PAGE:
Gold has a spot price value, measured in dollars. We can look at that each day and, recently, we can watch it rise and rise, seemingly with no end in sight.
But gold’s value isn`t always measured just in dollars. And that’s what makes it such an interesting, complex and sometimes confusing asset.
For example, in our daily lives we rarely see gold in the form of bullion. But we do see it in the form of jewelry. Gold in the form of jewelry has an intrinsic value quite separate from its spot price value.
Here in the West we wear gold as decoration, and maybe as a sign of wealth. It is also combined with an emotional component, like when we buy a wedding ring, for example.
Elsewhere in the world, gold has deep cultural and even religious associations. In fact, the summer wedding season in India alone almost always results in a jump in buying activity, to the degree that it can impact world gold prices.
A weird asset indeed. How many stocks do you own that are impacted by the wedding season?
Then you have the investors who invest in gold as a means to make quick profits. They don’t care that it’s gold. It could be oil or pork bellies for all they care. It’s just an investment class that allows them to speculate and, hopefully, make some profits.
Next, you have sovereign states, institutional investors and individuals who buy gold not with a view to making short term profits, but simply for security. They view gold as an asset that provides them with a safe haven for at least a proportion of their wealth. They don’t buy it as jewelry, but in the form of coins and bars. And, its beauty notwithstanding, these coins and bars rarely see the light of day. They are hidden away in some form of secure storage or another.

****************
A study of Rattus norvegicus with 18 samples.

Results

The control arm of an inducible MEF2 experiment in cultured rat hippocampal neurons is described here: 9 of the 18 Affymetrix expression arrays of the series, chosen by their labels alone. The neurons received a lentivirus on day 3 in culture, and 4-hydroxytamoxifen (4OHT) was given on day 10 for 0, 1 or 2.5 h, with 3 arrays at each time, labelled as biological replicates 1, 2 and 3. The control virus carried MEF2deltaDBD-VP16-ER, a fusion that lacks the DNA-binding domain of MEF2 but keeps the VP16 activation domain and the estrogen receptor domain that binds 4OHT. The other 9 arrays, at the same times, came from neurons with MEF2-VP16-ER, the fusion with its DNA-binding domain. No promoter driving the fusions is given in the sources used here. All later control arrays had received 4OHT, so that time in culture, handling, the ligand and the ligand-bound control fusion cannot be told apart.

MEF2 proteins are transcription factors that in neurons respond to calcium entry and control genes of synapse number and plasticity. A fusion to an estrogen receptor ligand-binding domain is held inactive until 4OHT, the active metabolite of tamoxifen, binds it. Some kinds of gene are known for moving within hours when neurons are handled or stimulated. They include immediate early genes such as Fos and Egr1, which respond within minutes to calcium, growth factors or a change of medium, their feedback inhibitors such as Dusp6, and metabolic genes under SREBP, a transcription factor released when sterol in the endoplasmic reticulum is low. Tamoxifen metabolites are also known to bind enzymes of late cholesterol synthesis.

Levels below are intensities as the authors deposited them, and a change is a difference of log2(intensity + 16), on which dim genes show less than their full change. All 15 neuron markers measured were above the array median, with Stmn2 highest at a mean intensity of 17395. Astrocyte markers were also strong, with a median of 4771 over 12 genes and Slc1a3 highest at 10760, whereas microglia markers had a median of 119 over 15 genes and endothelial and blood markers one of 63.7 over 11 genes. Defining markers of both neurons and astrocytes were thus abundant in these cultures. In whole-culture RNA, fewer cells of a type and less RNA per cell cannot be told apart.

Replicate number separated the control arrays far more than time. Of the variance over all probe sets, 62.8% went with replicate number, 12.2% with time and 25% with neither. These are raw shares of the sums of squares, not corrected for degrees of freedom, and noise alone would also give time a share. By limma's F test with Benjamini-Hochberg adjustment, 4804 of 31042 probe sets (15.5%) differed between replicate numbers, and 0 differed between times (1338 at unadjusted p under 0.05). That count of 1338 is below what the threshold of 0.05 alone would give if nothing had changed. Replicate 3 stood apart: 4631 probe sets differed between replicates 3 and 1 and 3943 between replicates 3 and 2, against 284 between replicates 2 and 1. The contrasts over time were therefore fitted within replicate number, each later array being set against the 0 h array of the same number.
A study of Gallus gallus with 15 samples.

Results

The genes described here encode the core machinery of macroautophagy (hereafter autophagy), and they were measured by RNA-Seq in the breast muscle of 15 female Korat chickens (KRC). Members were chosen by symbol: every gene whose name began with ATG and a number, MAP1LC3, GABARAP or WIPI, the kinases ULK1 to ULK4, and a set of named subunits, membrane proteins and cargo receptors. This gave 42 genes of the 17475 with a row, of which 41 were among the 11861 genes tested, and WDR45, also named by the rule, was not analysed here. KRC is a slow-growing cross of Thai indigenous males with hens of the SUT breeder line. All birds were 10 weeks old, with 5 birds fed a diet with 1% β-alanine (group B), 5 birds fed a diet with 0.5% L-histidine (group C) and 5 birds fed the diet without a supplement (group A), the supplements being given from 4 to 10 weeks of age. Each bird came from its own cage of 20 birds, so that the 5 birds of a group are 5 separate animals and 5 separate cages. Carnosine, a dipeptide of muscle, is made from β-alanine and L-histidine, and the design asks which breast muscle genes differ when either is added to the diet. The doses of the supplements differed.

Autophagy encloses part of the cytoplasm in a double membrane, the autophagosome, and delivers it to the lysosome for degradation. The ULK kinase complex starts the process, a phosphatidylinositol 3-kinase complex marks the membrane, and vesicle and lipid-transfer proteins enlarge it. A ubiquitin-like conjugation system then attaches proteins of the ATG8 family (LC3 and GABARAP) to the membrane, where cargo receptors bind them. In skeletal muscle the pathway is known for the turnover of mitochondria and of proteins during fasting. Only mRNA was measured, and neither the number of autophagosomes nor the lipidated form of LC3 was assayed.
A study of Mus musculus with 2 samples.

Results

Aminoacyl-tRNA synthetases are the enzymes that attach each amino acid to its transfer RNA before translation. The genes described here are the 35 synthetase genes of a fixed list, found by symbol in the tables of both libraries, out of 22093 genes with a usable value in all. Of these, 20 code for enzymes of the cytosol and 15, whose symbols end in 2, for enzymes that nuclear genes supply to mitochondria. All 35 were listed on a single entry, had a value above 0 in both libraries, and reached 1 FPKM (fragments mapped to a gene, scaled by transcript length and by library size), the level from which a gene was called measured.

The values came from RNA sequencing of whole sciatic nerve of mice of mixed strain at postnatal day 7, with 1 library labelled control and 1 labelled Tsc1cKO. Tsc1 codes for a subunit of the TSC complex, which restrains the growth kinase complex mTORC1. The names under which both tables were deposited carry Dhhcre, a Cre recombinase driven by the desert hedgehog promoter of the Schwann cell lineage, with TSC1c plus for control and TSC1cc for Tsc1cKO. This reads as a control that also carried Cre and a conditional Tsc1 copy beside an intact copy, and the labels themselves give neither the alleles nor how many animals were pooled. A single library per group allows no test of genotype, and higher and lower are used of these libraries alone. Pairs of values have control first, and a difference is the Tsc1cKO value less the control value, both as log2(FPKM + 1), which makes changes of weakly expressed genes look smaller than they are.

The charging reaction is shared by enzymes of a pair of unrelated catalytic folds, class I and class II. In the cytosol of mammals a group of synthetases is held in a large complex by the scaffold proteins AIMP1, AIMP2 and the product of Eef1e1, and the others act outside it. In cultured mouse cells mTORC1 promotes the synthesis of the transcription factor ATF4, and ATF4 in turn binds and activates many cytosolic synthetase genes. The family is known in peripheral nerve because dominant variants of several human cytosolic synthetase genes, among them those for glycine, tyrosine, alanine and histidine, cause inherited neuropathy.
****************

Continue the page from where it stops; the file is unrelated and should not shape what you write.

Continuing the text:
Overlaying all of these different views on the intrinsic value of gold is the fact that our favorite yellow metal also stimulates a lot of emotion. Gold “bugs” are evangelical in their zeal in a way that would simply never happen with pork bellies. Gold “bears” often view gold as a totally unreliable asset, to be avoided at all costs.
This all ties back to the history of gold, the beauty of gold and the multitude of variable values assigned to it.
For yourself, you need to ask yourself about your own view of the intrinsic value of gold.
Are you buying gold to wear it? Or to profit from it? Or as a way to keep some of your wealth safe during turbulent times?
Next, try to strip away the emotions that surround gold. Try to be objective when it comes to buying and selling.
As soon as you have clarity over why you are buying gold, you will make smarter choices when it comes to buying and selling.